Understanding the difference and the relationship between Revenue and Available Cash (aka gross profit) is critical. The median club sees 60% of its operating revenue remain as Available Cash.
If you don't generate enough Available Cash (aka gross profit), you will run operating deficits and may find yourself dipping into capital to fund operations. This can mask the real issues and drain your capital funds.
You can't use F&B to cook your way out of a low member count. Dues revenue is the single most important driver in your club. If the real issue is low member count, stop beating on F&B results and focus your efforts on bringing in more members.
Capital income must be predictable and it has to be sufficient to meet the club's needs. A Capital Reserve Study is the best way to determine how much you need. Capital dues are one way to smooth out the inconsistent flow of initiation fees.
Is F&B an amenity or a profit center? Industry data confirms 75% of clubs subsidize F&B operations, so the answer seems pretty clear. Putting F&B in context means you'll waste less time debating it in board meetings.
For clubs with golf, there are only two factors that have any meaningful impact on operational cash: dues and golf operations. Having more people in the dining room on a Wednesday night may bring revenue, but does it produce available cash?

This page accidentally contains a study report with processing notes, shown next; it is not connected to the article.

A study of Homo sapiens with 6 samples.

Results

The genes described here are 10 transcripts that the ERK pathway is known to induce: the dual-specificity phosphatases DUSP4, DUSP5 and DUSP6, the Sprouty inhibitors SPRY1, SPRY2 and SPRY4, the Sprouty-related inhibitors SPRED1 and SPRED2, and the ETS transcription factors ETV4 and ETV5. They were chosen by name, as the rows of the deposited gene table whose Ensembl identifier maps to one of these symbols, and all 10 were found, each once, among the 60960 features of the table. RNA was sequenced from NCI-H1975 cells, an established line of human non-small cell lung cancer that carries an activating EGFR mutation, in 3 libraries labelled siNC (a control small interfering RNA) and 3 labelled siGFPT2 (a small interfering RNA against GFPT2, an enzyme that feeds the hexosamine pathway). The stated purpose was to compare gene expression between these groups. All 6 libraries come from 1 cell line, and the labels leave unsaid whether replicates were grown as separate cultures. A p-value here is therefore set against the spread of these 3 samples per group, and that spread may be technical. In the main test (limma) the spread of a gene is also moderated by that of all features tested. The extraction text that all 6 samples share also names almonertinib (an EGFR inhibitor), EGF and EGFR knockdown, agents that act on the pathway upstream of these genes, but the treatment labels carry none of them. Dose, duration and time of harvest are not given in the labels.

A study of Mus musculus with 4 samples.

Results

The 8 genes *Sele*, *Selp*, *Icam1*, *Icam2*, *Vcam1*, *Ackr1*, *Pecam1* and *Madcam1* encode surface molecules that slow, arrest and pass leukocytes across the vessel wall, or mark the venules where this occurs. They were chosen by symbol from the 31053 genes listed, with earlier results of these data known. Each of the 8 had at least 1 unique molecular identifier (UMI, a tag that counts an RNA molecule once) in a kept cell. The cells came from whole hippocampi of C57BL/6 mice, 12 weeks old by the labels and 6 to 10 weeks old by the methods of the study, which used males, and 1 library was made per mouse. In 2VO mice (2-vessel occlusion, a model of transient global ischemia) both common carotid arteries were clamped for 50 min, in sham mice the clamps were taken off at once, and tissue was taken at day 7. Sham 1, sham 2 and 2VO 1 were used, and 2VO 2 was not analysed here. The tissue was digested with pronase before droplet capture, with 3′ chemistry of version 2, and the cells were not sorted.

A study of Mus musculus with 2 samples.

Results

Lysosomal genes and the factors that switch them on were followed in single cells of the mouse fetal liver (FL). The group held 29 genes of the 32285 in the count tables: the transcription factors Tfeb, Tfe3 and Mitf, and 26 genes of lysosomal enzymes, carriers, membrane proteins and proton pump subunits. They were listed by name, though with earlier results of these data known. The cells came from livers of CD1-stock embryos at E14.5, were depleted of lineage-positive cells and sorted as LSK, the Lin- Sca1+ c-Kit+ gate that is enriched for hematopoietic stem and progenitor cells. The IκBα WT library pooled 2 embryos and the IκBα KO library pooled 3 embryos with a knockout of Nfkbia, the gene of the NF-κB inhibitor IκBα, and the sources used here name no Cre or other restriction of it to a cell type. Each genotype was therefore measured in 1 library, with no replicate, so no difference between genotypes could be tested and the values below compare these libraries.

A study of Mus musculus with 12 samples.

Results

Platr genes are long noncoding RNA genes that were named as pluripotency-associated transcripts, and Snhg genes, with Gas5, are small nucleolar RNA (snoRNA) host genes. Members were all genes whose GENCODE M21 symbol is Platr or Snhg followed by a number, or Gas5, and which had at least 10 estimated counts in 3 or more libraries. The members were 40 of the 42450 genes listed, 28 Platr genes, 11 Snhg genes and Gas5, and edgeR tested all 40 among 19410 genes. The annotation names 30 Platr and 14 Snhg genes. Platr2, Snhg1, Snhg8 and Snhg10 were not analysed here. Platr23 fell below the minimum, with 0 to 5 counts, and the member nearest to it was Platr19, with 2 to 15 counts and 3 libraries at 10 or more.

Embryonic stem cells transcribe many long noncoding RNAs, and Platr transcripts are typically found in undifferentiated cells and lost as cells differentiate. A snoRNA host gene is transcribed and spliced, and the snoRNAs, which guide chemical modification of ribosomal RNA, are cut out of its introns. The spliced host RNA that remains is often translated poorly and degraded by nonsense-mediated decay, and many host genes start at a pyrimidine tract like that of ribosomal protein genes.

The framework of the private club business model stems from the proportional spending across these common functions. Analysis of industry data confirms that these proportions do not vary with the size or location of a club.
Dues revenue is a two cylinder engine—the number of members and the amount each member pays. Asking other clubs "what are your dues?" does not help a club understand how its own dues engine is performing.
Healthcare is a serious issue and you need more than just a good broker to help you balance affordability with providing a competitive package for your employees.